Oregon saw a major upswing in hazelnut production in 2016, with growers harvesting 40 percent more nuts than the previous year. At 43,300 tons, the state’s hazelnut crop also outperformed the USDA’s projection by 14 percent. The situation is a big improvement over 2015, when the crop’s size fell 25 percent short of the USDA’s estimate. Even so, experts say the uncertainty complicates the Oregon hazelnut industry’s sales planning.
“For the processors and the handlers, knowing what that crop is makes it much easier to market it worldwide,” said Garry Rodakowski, a hazelnut farmer near Vida, Ore.
Traditionally, major year-to-year swings in the hazelnut crop weren’t unusual, but these days, additional factors also complicate projections, he said. Growers are planting new varieties that are resistant to Eastern filber blight but don’t have a long track record in terms of yields, Rodakowski said. “With these new varieties, we don’t have that history. They haven’t been in the ground long enough,” he said. With the larger 2016 crop, packers are also left with more hazelnuts to sell in the new year. Packers sold about 27,000 tons of the 2016 crop by the end of that year, which is about 2,700 more tons than at the end of 2015. However, because total production in 2016 was larger, 16,000 tons were left over at the beginning of 2017 — more than twice as much as a year earlier.
“We’ve still got a lot of inventory to move,” said Jeff Fox, CEO of Hazelnut Growers of Oregon, a division of the Wilco cooperative. “We’ve got a lot of work to do.”
Growers were paid $1.38 per pound for the 2015 crop, up from the initial prices of $1.22 quoted by packers early in the harvest season. The initial price for the 2016 crop is set at $1.18, but Fox said it’s unlikely to rise as dramatically in light of the leftover inventory.
Early hazelnut sales are sold in-shell to the Chinese market, but more of the remaining inventory is headed for the kernel market, where sales aren’t as brisk, he said. Even so, the USDA’s estimate for 2016 was expected to be conservative and the industry negotiated the $1.18 price with the expectation that the crop could be 10 percent larger, said Terry Ross, executive director of the Hazelnut Growers Bargaining Association. “It wasn’t a tremendous shock. I expect a respectable increase” in the final price, Ross said. “I think a lot of packers moved product early into the marketplace.” Predicting Oregon’s hazelnut production is tougher for USDA these days because farmers have increased plantings of new cultivars, said Larry George, president of the George Packing Co.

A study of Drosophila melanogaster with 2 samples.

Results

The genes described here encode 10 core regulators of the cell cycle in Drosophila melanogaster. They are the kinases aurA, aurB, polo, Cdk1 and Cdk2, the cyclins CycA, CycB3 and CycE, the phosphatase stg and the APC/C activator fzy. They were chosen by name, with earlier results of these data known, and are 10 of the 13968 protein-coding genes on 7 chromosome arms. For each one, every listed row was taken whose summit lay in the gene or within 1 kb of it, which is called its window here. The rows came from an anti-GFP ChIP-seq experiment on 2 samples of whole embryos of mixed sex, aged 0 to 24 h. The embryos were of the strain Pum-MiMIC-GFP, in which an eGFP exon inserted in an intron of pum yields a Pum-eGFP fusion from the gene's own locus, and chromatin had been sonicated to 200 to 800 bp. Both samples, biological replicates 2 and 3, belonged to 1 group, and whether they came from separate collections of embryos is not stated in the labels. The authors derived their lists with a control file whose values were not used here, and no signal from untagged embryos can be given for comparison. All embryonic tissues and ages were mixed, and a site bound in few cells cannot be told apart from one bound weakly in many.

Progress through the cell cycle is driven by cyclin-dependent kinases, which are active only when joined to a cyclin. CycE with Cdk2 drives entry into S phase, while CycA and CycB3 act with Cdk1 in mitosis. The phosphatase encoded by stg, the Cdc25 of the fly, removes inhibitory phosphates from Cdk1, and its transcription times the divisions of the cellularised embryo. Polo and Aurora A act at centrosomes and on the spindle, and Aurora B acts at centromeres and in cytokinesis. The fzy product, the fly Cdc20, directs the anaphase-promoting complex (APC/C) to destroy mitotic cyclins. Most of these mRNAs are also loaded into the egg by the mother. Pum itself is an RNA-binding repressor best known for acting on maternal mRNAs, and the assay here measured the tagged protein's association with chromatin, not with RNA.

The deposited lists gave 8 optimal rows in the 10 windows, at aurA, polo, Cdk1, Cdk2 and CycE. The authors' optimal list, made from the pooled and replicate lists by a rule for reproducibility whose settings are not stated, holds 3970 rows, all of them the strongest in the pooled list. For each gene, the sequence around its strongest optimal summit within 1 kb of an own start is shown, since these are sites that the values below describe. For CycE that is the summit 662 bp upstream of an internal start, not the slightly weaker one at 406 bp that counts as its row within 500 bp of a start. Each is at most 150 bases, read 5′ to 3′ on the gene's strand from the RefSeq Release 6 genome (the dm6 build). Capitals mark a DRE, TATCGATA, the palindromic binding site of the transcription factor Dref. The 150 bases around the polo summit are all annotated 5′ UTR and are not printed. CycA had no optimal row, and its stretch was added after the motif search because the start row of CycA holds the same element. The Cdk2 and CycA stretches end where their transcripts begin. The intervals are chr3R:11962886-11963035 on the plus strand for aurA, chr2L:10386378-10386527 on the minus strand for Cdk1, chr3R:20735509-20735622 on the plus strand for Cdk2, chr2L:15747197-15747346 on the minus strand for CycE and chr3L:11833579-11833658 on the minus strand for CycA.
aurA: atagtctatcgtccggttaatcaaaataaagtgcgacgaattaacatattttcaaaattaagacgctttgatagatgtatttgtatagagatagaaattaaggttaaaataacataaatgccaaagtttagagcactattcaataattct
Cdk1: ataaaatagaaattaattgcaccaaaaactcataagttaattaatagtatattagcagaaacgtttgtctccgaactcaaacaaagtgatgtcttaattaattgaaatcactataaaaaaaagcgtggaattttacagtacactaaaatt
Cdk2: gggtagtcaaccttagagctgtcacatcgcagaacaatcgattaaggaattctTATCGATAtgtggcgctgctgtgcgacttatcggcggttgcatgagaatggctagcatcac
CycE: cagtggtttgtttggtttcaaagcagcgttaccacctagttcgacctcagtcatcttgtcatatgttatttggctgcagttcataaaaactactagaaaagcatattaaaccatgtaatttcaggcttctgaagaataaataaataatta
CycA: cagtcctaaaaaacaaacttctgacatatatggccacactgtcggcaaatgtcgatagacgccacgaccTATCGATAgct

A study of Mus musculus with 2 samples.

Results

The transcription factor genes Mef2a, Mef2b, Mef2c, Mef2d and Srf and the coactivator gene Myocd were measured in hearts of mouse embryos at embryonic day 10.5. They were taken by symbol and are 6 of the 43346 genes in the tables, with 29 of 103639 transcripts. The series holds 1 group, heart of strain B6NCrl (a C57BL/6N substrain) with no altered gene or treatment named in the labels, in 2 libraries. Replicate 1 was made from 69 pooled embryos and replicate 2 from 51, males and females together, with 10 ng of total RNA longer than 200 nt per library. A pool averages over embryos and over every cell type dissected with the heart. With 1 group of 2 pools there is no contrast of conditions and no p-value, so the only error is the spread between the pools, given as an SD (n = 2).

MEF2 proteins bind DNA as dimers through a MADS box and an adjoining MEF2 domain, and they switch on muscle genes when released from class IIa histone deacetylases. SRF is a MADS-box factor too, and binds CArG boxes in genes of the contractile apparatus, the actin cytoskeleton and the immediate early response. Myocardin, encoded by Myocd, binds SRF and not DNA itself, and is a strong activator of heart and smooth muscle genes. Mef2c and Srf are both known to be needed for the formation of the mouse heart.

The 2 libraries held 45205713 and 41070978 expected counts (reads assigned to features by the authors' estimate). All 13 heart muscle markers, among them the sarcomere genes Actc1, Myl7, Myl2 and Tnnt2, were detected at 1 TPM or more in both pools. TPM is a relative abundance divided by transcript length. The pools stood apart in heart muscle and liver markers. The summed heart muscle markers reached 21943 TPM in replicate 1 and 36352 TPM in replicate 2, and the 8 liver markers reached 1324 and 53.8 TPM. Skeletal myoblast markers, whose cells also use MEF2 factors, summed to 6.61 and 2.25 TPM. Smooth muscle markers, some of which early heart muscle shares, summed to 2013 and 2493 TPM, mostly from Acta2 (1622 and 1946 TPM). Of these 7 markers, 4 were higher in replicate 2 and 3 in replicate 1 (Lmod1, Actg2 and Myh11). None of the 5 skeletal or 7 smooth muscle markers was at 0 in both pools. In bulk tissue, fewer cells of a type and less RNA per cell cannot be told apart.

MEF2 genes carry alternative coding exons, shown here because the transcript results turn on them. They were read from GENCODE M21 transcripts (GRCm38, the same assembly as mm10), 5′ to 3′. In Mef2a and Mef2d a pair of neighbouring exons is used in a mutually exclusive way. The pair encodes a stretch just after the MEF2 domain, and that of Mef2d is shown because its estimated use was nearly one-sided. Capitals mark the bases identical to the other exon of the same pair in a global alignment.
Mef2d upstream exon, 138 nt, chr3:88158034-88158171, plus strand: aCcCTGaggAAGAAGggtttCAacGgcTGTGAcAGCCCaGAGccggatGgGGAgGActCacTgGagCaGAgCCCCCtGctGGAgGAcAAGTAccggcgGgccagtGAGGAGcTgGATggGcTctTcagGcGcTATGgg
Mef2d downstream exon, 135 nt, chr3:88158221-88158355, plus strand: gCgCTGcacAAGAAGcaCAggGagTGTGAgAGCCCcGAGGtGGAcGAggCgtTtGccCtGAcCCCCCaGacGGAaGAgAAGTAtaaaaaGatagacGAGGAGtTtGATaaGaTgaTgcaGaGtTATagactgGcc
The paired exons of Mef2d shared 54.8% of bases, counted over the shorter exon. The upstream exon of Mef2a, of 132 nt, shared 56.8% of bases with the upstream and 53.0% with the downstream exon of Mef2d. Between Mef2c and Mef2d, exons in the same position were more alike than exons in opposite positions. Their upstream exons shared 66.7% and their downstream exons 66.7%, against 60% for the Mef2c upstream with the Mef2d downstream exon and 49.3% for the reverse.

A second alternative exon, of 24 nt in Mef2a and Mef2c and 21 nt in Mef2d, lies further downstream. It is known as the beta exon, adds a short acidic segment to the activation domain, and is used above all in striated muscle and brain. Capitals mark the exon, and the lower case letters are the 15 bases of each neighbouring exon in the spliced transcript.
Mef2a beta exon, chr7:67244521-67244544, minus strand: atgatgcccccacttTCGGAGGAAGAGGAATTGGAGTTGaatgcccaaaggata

“They were pretty dang close with the old varieties but the new varieties were unpredictable,” George said, noting that yields from the Jefferson cultivar surged in 2016.
Estimating the acreage of young hazelnut trees reaching maturity is an inexact science, he said. Growers surveyed by George Packing had wildly different estimates for the size of the 2016 crop, George said. “The variation people are seeing in their orchards is huge.”
Oregon farmers planted more than 9,000 acres of hazelnuts in 2016, up from about 6,000 acres in 2015 and 4,300 acres in 2014, according to Pacific Agricultural Survey, which tracks the industry. The company relies on aerial photographs taken in spring or summer, but some orchards were actually planted the previous autumn, said Mike McDaniel, its principal. For that reason, some trees are better established than estimated in the survey, he said. “There’s a decent chunk of trees reaching the bearing age.”
Dwayne Bush, a farmer near Eugene, Ore., has found that the popular Jefferson variety is generating a larger amount of hazelnuts at a young age compared to Barcelona, Oregon’s traditional cultivar. At three to four years of age, Jefferson trees are producing as many nuts as Barcelona trees did in their seventh or eighth year, he said. Estimating the annual harvest is also trickier due to the ongoing removal of older orchards afflicted with blight, Bush said. “It’s not an easy job, predicting.”